On September 19, 2017, Tanoto Foundation Founder Sukanto Tanoto along with Zhang Yong, Deputy Director of the National Development and Reform Commission of China and Tan Tianxing, Deputy Director of the Overseas Chinese Affairs Office of the State Council, attended the opening ceremony of the talent development program with 122 participants from 23 countries such as Brunei, Indonesia, Malaysia, Micronesia, Netherlands, Singapore, Taiwan, Thailand and Vietnam. Participants hailed from various government institutions, chambers of commerce, businesses including financial institutions, universities, research institutes, and think tanks. China National Education Foundation Vice Chairman and Secretary General Qiu Liguo presided over the opening ceremony.
Classes and workshops were conducted by senior government officials as well as experts from renowned Chinese universities such as Tsinghua University, Fudan University and Huaqiao University. Apart from formal seminars, participants had ample opportunities to network and cultivate the bonds of friendship.
“China has been an important partner country to Indonesia, so it is important for Indonesia to have a better understanding of China’s government policy under the ‘Belt and Road Initiative.’ Hopefully in the future, Indonesia can expand our trade and investment cooperation through the maritime silk road under the ‘Belt and Road Initiative.’ The Belt and Road Talent Training is only the beginning of the people to people connectivity. More important is how to promote the information we learned from this training after we return to our countries and benefit our organization in the future,” said Roro Citra Rapati from Indonesia’s Ministry of Industry.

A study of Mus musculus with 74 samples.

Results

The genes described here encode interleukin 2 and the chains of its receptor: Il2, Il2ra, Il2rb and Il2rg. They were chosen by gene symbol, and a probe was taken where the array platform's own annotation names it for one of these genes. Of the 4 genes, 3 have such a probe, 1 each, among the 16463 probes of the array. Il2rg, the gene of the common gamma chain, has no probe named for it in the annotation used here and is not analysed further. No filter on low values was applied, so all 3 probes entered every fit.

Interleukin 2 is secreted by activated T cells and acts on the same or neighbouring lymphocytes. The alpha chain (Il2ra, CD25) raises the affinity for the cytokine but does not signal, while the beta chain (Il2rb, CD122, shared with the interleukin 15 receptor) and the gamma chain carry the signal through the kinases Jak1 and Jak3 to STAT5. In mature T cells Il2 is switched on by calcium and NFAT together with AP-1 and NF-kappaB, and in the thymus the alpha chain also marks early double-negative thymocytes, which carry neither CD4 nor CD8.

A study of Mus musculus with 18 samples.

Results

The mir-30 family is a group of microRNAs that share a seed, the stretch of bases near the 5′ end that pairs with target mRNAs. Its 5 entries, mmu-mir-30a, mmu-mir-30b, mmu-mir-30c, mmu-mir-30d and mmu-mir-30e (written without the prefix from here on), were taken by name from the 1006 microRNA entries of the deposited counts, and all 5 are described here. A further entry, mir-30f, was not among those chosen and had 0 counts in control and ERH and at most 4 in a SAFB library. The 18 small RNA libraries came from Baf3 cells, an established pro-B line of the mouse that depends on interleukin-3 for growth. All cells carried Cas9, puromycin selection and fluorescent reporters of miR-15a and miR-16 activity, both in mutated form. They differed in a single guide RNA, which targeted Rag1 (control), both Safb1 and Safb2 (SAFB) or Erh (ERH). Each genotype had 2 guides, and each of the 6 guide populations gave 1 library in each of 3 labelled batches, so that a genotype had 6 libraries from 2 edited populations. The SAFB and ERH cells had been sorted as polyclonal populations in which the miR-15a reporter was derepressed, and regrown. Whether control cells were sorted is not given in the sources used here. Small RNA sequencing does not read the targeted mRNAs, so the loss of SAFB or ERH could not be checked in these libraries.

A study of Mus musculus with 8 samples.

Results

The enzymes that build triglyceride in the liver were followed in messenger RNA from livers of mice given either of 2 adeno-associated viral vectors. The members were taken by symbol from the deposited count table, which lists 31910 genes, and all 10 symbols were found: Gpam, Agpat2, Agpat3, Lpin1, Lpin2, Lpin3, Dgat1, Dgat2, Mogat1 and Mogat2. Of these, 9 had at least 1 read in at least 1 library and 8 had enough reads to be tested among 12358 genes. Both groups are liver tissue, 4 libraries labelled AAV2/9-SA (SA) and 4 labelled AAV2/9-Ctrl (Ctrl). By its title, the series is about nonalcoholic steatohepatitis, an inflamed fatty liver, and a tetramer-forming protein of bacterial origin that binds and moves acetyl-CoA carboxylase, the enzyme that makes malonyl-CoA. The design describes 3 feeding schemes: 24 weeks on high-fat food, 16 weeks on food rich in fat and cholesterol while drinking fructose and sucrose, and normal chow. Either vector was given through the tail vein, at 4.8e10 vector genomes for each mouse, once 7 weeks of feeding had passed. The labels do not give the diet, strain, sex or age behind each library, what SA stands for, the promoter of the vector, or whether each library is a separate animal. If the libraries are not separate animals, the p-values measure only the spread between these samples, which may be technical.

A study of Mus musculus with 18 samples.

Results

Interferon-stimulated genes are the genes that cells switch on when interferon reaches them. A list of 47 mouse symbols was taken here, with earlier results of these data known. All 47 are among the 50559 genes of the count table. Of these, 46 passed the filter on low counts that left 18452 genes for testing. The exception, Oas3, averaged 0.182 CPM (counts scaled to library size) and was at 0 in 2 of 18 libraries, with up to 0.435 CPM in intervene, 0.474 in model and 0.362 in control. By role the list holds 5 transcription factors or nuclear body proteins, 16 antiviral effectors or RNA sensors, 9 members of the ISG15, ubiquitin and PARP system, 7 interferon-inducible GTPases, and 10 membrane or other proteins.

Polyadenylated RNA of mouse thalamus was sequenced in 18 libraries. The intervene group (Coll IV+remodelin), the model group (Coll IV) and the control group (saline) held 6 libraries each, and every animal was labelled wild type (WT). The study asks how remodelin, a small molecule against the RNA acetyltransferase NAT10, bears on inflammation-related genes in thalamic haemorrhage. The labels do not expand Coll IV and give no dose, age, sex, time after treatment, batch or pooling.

“The lecturers are able to balance theory and practice. Participants came from different countries, government agencies, and industries were able to exchange views and experience in a friendly and conducive way. Not only did I benefit from the increased knowledge, but also gained new friendship and contacts,” said Wang Xiaoqing from China National Offshore Oil and Gas Group.
“While the OBOR is developing at a rapid pace, there are people in many countries who are unsure about the programme, and misunderstandings and misgivings still exist in some countries and regions. At the same time, many China entrepreneurs are unfamiliar with the cultures and conditions of other countries in the OBOR programme, resulting in considerable losses expanding their businesses,” said Sukanto Tanoto in his speech when he first announced the donation.
The idea of establishing a training fund for OBOR is to provide an opportunity and a platform to enhance communication and cultural exchange between people of different countries, so as to build mutual trust and greater productivity in the programme.